Visa run from Thailand to Burma
First published 4th July, 2006
Most travellers come to Ranong for exactly one reason and one reason alone -- to get that passport stamped so they can legally stay in Thailand for another 30 days. While doing the border run isn't particularly pleasant, it is straightforward -- particularly when you've got a Travelfish Howto guide on hand.
The first step is to go the Thai Immigration Office near the port district of Saphan Pla to get an exit stamp. This is easily done by catching a red songthaew from Ranong market and telling the driver "Immigration". Once at Saphan Pla it's another songthaew ride or a short walk 500m around to the longtail docks. More than likely you'll be met by the boat skippers or their agents outside Immigration anyway, and they'll take you the boat as part of their fee for getting you across to Burma and back.
The round-trip should cost about 300B if you have to go it alone or 100B-200B if you're with a group.
The journey across to Burma's southernmost city of Kawthaung (sometimes still called Victoria Point, a leftover from British colonial days) takes about 40 minutes. It can be quite hairy in bad weather, and engine breakdowns do happen, so make sure you pack your sea-legs. It is also a good idea to take an umbrella to protect yourself from the rain and sea spray in the wet season and the sun in high season, though be careful not to knock any monks on the head with the umbrella as the resulting bad luck could well lead to multiple motorcycle exhaust burns in Phuket (it's a long story -- just steer clear of monks). After returning safely to Thai soil, don't forget you need to make another stop at Immigration to get your entry stamp.
Your visa renewal for Thailand is free for most nationalities, but you have to pay the Burmese military government US$5 to step onto its shore for 10min. It's a good idea to get the greenbacks at a bank that does foreign exchange before you leave on your visa run. The $5 should cost about 200B. If you leave it until Ranong you may have to pay 300B for the bucks. The Burmese immigration officials are particularly picky about the quality of the notes, so if your Abe Lincoln isn't spotless, creaseless and brand spanking new you'll have to pay 300B anyway.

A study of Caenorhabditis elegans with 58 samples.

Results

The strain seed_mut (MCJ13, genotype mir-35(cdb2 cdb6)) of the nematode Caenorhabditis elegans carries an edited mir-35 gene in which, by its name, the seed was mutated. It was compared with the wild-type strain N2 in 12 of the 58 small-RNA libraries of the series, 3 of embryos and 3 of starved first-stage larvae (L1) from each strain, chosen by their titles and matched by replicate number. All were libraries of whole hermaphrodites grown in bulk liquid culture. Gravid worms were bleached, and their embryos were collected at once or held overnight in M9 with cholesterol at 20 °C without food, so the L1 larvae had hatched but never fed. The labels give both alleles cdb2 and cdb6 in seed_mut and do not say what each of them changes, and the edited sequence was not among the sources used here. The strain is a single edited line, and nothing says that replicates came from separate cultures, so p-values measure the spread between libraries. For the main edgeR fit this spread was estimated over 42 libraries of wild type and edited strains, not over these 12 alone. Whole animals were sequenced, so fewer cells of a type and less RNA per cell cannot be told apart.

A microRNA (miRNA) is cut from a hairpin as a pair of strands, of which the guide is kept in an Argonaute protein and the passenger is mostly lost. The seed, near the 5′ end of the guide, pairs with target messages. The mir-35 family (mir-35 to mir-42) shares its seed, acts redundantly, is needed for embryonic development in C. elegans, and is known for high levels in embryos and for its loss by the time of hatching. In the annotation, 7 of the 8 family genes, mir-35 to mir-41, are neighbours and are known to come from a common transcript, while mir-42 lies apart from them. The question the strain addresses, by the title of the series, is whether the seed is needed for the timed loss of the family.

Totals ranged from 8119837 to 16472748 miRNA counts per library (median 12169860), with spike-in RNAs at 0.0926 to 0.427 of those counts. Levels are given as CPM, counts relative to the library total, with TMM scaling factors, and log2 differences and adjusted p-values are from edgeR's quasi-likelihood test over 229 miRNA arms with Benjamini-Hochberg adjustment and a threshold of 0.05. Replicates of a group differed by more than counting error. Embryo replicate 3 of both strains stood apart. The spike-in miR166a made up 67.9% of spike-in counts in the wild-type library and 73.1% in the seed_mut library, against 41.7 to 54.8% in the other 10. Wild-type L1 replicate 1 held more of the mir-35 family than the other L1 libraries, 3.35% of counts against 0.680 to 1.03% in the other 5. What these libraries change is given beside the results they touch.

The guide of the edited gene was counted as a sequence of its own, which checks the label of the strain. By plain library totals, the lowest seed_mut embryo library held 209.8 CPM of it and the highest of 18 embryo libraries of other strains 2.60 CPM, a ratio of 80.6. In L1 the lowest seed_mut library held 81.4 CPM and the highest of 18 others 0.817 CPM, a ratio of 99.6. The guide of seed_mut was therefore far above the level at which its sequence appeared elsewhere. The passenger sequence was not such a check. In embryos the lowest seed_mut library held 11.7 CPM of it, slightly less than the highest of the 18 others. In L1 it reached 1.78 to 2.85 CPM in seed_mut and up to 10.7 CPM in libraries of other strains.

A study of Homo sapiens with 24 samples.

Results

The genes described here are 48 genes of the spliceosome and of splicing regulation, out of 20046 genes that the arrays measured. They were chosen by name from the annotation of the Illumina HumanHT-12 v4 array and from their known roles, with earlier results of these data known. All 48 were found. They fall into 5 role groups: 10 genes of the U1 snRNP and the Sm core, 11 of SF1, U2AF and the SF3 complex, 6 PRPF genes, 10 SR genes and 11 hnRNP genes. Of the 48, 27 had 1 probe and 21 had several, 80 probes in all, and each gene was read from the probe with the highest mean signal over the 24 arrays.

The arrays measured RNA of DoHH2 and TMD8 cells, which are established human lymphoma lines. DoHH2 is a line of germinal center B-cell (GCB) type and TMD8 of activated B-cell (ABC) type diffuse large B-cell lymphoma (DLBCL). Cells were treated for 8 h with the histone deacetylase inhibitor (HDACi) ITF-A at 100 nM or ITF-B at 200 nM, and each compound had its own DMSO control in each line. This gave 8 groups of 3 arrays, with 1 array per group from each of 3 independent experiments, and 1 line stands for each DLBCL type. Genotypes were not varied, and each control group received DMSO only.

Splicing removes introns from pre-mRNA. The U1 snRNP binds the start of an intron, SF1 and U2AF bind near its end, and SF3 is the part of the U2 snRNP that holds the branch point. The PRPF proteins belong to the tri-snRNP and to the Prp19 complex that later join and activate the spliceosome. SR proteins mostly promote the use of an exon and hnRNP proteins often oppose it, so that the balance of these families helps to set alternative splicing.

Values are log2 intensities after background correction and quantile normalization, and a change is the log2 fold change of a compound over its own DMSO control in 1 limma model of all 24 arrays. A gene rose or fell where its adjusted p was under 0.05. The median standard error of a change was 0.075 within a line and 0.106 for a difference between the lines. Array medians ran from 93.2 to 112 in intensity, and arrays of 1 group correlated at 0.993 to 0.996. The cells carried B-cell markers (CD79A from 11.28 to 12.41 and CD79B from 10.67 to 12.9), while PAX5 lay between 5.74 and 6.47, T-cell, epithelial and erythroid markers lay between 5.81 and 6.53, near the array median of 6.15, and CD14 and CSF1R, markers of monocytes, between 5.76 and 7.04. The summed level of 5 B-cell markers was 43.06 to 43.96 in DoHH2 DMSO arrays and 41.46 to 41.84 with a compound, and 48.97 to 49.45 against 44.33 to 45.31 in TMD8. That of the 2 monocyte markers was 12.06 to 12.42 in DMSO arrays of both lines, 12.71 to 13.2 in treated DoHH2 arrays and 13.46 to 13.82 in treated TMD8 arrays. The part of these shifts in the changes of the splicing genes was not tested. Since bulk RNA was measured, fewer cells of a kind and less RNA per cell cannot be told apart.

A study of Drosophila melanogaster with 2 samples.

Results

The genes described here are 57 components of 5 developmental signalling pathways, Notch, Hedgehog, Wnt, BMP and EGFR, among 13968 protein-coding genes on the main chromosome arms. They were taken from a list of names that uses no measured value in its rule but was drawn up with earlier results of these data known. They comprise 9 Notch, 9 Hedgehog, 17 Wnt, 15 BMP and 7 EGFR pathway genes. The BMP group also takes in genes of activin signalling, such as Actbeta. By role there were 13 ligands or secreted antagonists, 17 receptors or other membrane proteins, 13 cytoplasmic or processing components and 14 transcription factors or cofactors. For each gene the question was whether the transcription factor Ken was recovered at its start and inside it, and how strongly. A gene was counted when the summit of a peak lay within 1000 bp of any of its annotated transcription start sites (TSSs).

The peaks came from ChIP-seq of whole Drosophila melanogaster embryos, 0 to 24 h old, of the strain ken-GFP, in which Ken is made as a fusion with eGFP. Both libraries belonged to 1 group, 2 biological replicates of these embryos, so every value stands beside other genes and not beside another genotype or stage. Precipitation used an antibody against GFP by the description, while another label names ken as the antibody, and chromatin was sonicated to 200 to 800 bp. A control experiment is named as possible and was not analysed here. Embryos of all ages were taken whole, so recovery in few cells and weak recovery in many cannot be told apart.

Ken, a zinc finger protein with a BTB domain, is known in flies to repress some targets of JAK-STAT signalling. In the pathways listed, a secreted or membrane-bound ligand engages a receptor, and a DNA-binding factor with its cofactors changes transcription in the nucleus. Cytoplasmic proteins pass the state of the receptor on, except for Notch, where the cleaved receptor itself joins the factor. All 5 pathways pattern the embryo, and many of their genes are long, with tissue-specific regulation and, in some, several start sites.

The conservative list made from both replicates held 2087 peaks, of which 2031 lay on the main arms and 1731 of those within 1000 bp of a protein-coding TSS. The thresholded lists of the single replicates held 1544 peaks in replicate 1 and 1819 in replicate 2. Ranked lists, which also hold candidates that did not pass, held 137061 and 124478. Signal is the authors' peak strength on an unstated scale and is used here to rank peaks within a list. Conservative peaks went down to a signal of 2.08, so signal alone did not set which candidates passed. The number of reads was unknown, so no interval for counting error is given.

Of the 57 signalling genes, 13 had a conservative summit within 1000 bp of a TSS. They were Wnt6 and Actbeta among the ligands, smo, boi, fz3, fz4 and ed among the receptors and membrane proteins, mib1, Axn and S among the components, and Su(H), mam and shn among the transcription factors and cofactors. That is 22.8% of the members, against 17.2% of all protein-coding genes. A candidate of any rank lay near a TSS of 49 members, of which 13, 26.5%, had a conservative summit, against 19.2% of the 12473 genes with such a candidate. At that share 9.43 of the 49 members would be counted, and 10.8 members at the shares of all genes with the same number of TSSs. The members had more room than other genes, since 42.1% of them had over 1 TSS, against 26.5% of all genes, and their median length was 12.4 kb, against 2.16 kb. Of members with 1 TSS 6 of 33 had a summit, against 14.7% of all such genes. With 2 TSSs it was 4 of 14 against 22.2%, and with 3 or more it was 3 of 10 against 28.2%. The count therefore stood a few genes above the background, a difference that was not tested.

Foreigners on visa runs can stay in Kawthaung for up to two nights but are not allowed to use it as a base for further exploration of Burma. Points of interest that stick out are the temple, the men's traditional dress (called longyi), street kids and the overall poverty of the place compared to Thailand.
Accommodation in Kawthaung
If you do want to stay, there are a few options available: The Honey Bear Hotel is on Strand Rd and is visible from the boat as you approach the dock; the Kaw Thaung Motel Phone: (059) 51 046 or (059) 51 139) is around the other side of the hill on the main road leading away from the pier and the Taninthary Guest House Phone: (059) 51 784, (059) 51 785 is on Garden St, off the main road.
"You want whiskey? Cigarettes? Opium, heroin, viagra, cocaine, marijuana?" The touts that come out to greet you when the boat docks at Kawthaung often sound like they've been listening to too much Queens of the Stone Age. Whatever lies at the heart of this enigmatic and still very closed nation, it certainly can't be found with these guys. You usually have 10-20 minutes before the boat heads back and many ex-pats use this opportunity to buy up to two cartons of cigarettes (80B-100B each) and two bottles of spirits (50B-100B each). Don't even consider bringing the other stuff back though -- the tout who sells to you will inevitably call the Thai police and give them an exact description of you and the group you are with. As your return bus passes through a checkpoint, the long arm of the law will pull you out and slap you with a heavy fine and possibly jail time, and the Burmese tout gets a kickback to boot. This happens more than you'd think.
The "posh" visa run
If you don't want to worry about the transport particulars, travel agencies on Phuket, Khao Lak, Ko Samui, Ko Pha Ngan and Ko Tao along with destinations further afield, can set the whole thing up for up for you. It takes about a day-and-a-half from the Gulf islands and a full day from Phuket. It's more expensive than if you do it yourself, but you get to ride on a VIP bus and often meals are included. Often the "posh" run makes for a quicker journey to Ranong, but slower visa processing once you're there because you arrive at Immigration the same time as the 40 other people on your bus.
Offshore casino-cum-hotel Andaman Club also organizes visa runs from its own private pier, north of the main pier at Saphan Pla. Expect all your needs to be catered for if you're taking part in this little venture. The lodgings are on the Burmese island of Thahtay Kyun, between the Thai mainland and Kawthaung. Those who chose to stay at the hotel for a few days will have no lack of things to do -- the Andaman Club has a fitness centre, bars, an 18-hole golf course and organises day trips to the "virgin" island of St Luke's. If you're just visa running, the boat stops at the island anyway, giving you the chance to do some duty free shopping and have a flutter at the craps table. See http://www.andamanclub.com for more details.